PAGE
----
Between 2000 and today Australia saw its ‘terms of trade’ nearly double. That is to say, the things Australians buy from overseas have halved in price relative to the things we sell. The key reasons are a decrease in the price of the manufactured goods we import and an increase in the price of the mineral and food resources that we sell. Both of these are related to the growth of China and other developing countries. This terms of trade increase is effectively free money for us and it has been a boon for consumption here. Mining royalties have swelled government coffers, higher wages have filled consumer bank accounts and asset prices have to continue to rise despite our lacklustre productivity growth since 2004. This episode demonstrates both how volatile terms of trade can be and how dependent the standard of living of a small country can be on them.
But what the terms of trade can give us, the terms of trade can take away. One possible scenario that has attracted attention lately is Europe experiencing an ongoing downturn and taking trading partner China with it. Perhaps China’s state-owned banks will experience financial problems due to an asset bubble burst. Who knows. Either way, this could send the value of our exports plummeting. The Australian dollar might fall as much as 30-40%, as it did during the nadir of the global financial crisis in 2007-08. An ongoing decline would presumably reverse many of the gains a higher terms of trade brought. Tax revenues would fall, potentially triggering government austerity or higher taxes. Real wages would fall and take asset prices (read: house prices) along with them. Depending on how effective our monetary stimulus and floating exchange rate were in response, and how robust our financial system remained, employment could fall as well.
I’m not saying that scenarios like this are more likely than macroeconomic soothsayers or the market are saying. I don’t know that. Nobody really knows. All I want to suggest is that you can insure yourself against this kind of risk with a very simple financial instrument: a bank account.
As our terms of trade move, the Australian dollar moves roughly in proportion.  So what asset increases in value for an Australian when the global economy is going poorly and dragging down our export values? Foreign currencies!  If a terms of trade crash causes a recession in Australia it would be sad to see your purchasing power and wages fall, or worse, your job disappear. But it would be some welcome compensation for your holdings of US dollars to suddenly be worth a third more in Australian dollar terms.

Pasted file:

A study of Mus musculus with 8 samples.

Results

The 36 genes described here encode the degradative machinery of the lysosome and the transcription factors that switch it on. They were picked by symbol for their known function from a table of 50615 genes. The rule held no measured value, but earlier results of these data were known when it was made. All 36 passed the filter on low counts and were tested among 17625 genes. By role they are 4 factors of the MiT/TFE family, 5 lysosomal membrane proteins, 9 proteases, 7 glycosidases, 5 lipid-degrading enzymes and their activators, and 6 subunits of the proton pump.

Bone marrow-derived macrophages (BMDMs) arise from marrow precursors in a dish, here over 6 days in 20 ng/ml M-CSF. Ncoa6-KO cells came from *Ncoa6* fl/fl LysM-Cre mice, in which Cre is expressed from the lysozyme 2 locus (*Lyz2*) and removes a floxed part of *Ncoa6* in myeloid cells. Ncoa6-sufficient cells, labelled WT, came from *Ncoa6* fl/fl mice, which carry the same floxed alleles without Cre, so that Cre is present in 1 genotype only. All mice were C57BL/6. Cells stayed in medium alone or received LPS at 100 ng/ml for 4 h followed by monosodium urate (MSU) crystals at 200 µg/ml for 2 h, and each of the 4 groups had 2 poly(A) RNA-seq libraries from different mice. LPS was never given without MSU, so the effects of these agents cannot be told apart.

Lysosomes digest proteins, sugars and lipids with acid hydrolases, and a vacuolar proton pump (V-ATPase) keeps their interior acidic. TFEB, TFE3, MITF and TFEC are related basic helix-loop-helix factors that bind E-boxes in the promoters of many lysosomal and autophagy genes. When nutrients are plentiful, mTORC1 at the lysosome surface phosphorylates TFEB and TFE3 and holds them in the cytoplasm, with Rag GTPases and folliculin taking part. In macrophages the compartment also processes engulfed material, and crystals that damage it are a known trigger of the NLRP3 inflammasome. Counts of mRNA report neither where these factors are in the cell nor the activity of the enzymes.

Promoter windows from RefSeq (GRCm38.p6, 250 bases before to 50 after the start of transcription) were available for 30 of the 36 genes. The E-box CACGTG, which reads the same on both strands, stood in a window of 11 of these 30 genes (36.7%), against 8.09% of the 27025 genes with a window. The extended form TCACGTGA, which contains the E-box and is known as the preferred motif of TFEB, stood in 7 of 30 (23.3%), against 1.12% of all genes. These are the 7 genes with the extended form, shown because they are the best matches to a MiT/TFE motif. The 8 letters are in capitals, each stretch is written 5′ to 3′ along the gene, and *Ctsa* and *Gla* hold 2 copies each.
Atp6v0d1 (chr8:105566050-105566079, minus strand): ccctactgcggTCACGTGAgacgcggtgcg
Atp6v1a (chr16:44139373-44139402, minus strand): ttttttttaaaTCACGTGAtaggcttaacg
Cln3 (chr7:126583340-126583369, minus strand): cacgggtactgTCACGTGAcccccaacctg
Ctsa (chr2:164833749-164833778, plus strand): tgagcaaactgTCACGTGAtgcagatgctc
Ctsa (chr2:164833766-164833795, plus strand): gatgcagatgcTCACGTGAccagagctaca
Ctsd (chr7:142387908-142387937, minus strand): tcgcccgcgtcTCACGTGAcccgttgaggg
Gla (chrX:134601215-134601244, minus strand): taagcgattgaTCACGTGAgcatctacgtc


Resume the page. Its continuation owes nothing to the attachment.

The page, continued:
Holding a variety of currencies is just an instance of the most mundane piece of investing advice around: diversify.  It also obeys another simple investment strategy: buy assets whose values are negatively correlated with one another. That is, organise your portfolio so that when some of your investments go unusually badly, others go unusually well. If you live and work in Australia you are highly ‘invested’ in the Australian dollar, Australian taxes and Australian wages. When those things take a turn for the worse, foreign currencies do unusually well, so they function as a form of insurance.
Fortunately holding foreign currency is relatively cheap. You can get savings accounts in Australia with HSBC that attract no fees apart from a two-way exchange rate spread of around 0.9% (i.e. if you move your Australian dollars to US dollars and back again you’ll lose about 1% of your holdings).  If you have an account overseas and more than a few thousand dollars to transfer it would be cheaper to move them with OzForex. Though you won’t earn much interest on Euros or US dollars relative to Australian dollars at the moment, the ‘interest rate differential’ should be factored into the expected movements in the exchange rates, so on average you won’t miss out on any interest (though how much you receive will be variable).
So is anyone else going to join me and start converting a share of their savings into foreign currency?
 When Australian exports are valuable, foreigners have to buy more Australian dollars to purchase them. Their higher demand for Australian dollars drives up their value. And when the value of our exports declines, the value of the dollar falls for the same reason.
 And other assets that have relatively stable value in foreign currencies.
 If you wanted to even out the purchasing power of your money, to a first approximation, you would want to split your cash between different currencies in proportion to what share of your consumption came from each country (in the form of holidays and TVs and so on). As about 30% of Australia’s GDP is traded, that would suggest holding a third of your wealth overseas.
 An alternative way to ‘hedge your bets’ without actually having to tie up large amounts of wealth in foreign currency (or other assets) is to buy foreign exchange ‘options’. These give you the right to buy foreign currency in the future at a given rate. If the Australian dollar declines in value you can exercise the ‘option’, buy foreign currency at the above-market rate and take a profit. Westpac among others offers this service for those with substantial sums of money. I haven’t gone into this in detail to avoid confusing people.